President Barack Obama prodded Congress Tuesday to send him a bill by fall remaking the nation's immigration laws, even as the Senate prepared to cast its first floor votes on the landmark measure opening a door to citizenship for millions.
"Congress needs to act, and that moment is now, " Obama said, surrounded by immigration advocates, business and religious leaders, law enforcement officials and others in the East Room of the White House.
"There's no reason Congress can't get this done by the end of the summer," the president said. "There's no good reason to play procedural games or engage in obstruction just to block the best chance we've had in years to address this problem in a way that's fair to middle class families, business owners and legal immigrants."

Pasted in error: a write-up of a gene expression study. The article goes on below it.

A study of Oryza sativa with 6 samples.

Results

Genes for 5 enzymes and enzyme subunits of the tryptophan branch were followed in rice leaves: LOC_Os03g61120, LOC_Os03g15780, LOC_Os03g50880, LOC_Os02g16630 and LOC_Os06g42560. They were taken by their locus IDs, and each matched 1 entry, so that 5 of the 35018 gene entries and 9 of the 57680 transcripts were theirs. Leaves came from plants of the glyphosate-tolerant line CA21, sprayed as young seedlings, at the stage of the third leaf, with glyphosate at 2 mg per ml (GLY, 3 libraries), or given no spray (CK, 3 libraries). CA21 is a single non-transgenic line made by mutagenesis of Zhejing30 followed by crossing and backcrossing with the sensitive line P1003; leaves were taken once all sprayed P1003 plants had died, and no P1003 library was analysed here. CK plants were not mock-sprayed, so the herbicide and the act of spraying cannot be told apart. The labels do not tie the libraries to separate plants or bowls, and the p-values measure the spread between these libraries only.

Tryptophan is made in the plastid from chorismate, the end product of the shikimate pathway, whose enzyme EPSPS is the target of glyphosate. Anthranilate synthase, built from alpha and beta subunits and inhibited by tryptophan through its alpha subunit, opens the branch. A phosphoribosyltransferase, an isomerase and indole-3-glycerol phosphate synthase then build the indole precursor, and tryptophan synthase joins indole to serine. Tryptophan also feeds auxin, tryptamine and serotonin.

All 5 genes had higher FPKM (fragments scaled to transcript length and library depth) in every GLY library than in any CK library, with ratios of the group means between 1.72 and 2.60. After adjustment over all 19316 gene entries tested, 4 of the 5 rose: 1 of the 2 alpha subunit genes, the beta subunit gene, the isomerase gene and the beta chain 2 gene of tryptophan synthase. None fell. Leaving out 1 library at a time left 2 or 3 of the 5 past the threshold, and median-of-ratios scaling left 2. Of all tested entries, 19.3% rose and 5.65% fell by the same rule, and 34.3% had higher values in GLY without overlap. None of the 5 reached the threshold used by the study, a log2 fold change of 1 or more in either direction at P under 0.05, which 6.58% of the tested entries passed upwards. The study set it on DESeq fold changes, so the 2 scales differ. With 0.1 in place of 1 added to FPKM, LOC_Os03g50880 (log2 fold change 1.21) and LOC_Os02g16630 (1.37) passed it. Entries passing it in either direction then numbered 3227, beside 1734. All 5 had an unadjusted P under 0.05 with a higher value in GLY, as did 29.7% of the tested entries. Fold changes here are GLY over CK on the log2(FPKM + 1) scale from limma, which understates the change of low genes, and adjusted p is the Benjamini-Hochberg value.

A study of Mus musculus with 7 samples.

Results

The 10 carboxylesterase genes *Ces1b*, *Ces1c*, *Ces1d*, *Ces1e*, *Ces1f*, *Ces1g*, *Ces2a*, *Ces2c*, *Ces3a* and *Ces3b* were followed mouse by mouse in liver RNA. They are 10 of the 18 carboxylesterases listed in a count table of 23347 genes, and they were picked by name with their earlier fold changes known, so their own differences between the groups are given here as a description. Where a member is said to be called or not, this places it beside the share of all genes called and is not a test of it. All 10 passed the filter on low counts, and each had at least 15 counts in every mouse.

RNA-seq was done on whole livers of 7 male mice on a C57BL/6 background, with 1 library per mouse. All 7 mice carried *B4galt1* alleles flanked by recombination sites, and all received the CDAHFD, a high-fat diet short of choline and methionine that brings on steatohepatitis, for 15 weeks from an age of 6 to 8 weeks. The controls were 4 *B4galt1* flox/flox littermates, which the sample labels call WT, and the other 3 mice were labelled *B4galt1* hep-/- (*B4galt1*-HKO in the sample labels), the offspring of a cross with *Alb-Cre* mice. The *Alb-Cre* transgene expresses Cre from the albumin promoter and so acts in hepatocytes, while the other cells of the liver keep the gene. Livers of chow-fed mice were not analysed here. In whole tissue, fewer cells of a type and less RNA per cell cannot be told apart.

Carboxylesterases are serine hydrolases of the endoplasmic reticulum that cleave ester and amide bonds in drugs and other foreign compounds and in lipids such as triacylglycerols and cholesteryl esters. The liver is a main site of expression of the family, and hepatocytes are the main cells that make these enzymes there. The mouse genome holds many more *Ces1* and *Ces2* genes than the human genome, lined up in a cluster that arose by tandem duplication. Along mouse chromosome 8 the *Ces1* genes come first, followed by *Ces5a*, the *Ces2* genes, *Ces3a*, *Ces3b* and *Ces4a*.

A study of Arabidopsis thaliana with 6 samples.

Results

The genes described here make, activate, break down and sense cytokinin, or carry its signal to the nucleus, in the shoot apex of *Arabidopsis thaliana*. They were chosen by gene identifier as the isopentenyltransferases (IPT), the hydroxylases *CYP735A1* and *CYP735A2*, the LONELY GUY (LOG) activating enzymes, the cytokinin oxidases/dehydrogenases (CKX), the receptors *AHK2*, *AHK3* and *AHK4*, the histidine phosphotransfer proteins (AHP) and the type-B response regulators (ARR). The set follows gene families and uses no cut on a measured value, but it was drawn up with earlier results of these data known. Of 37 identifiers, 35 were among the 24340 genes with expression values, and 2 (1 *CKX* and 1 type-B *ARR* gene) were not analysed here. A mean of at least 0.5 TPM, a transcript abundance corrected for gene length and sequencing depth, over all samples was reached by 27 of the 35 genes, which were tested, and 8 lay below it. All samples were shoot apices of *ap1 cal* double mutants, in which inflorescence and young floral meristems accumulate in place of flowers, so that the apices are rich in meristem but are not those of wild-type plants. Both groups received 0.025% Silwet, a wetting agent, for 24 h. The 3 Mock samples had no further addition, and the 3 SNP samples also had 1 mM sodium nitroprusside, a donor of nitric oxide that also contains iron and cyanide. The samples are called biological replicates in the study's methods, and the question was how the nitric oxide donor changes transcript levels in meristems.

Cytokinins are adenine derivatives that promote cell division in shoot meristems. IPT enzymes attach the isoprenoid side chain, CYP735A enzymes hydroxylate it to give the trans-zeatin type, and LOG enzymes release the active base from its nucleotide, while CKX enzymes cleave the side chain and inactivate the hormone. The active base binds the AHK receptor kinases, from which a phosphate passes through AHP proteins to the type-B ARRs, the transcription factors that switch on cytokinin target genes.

The Senate was set to vote Tuesday afternoon on a pair of procedural measures to officially allow debate to move forward on the far-reaching legislation. The measure would boost border security and workplace enforcement, allow tens of thousands new high- and low-skilled workers into the country, and create a 13-year path to citizenship for the 11 million immigrants in the country illegally.
Both votes were expected to succeed by comfortable margins, because even some senators with deep misgivings about the immigration bill said the issue deserved a Senate debate.
Ahead of the votes, senators were readying amendments on contentious issues including border security, back taxes and health are coverage. Some Republicans said they were seeking to strengthen enforcement provisions so that they could be comfortable voting for the bill. Other GOP measures were already being dismissed by Democrats as attempts to kill the bill by striking at the fragile compromises at its core.
Meanwhile House Speaker John Boehner, R-Ohio, made his most positive comments to date on the issue, saying Tuesday he thinks there's a good chance that legislation can be signed into law "by the end of the year."